Always Accompany Children!
Children should be watched carefully by an adult in any water situation, but the suction in your hot tub means you need to be even more vigilant. This is especially true when small children are in the spa. For the safest experience for your child, join them in the hot tub — and make sure to keep it securely covered when you’re not around.
Turn Down the Heat
As tempting as it is to crank up the heat in your spa, soaking in too high a temperature for too long can raise your body heat to dangerous levels. The maximum safe soaking temperature is 100° to 102° — and only for about 15 minutes. If you like to spend more time in your spa, turn the heat down even more.
Check with Your Doctor
Pregnant women, and people with heart disease, diabetes, high or low blood pressure and other serious illnesses should check with their physician before entering a spa.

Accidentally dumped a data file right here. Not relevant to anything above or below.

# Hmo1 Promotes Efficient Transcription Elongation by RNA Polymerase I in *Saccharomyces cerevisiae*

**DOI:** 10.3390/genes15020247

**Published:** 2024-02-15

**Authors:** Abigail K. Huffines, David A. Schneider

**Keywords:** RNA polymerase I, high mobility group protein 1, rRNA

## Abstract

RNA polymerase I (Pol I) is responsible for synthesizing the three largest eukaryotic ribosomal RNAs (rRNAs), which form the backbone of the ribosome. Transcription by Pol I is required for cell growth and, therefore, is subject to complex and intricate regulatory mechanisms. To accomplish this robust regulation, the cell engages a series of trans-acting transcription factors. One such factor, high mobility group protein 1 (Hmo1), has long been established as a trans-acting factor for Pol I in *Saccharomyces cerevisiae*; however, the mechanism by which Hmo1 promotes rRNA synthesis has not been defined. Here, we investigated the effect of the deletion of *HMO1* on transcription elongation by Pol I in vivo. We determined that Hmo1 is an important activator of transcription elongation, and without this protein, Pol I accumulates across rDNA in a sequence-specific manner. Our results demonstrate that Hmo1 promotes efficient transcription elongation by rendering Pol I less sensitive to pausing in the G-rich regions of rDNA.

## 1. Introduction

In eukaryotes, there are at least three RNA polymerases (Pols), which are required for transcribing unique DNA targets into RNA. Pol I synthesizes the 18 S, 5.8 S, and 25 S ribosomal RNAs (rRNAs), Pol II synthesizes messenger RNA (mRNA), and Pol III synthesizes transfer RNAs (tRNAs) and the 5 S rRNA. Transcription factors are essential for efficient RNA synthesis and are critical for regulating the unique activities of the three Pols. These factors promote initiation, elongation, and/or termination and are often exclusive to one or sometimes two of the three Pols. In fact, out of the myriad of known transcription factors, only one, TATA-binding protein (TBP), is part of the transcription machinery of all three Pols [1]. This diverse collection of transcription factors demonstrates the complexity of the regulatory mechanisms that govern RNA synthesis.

Keep It Clean
Warm water can become a breeding ground for bacteria and microorganisms, so it’s important to keep hot tub water clean, sanitized and chemically balanced to avoid the risk of infection.
Watch the Alcohol
While the idea of relaxing in the hot tub while sipping a glass of wine or cold beer might sound fantastic, it’s important to know that hot water can amplify the effects of alcohol. The same can be true for some prescription drugs. To be on the safe side, check with your doctor about any prescription drugs you’re taking, and consider trading the wine and beer for juice and sparkling water.
Bring a Buddy
Share a hot tub with someone else! You can ensure each other’s safety and enjoy the experience even more.
PLEASE NOTE: The safety tips listed above are provided as a tool to help you, your family, and guests enjoy a safe water environment. They are not intended as an exclusive reference for those using a residential swimming area or as a substitute for professional advice. Please refer to a qualified pool expert regarding proper safety installation and operation of your pool or hot tub as well as safety measures and equipment.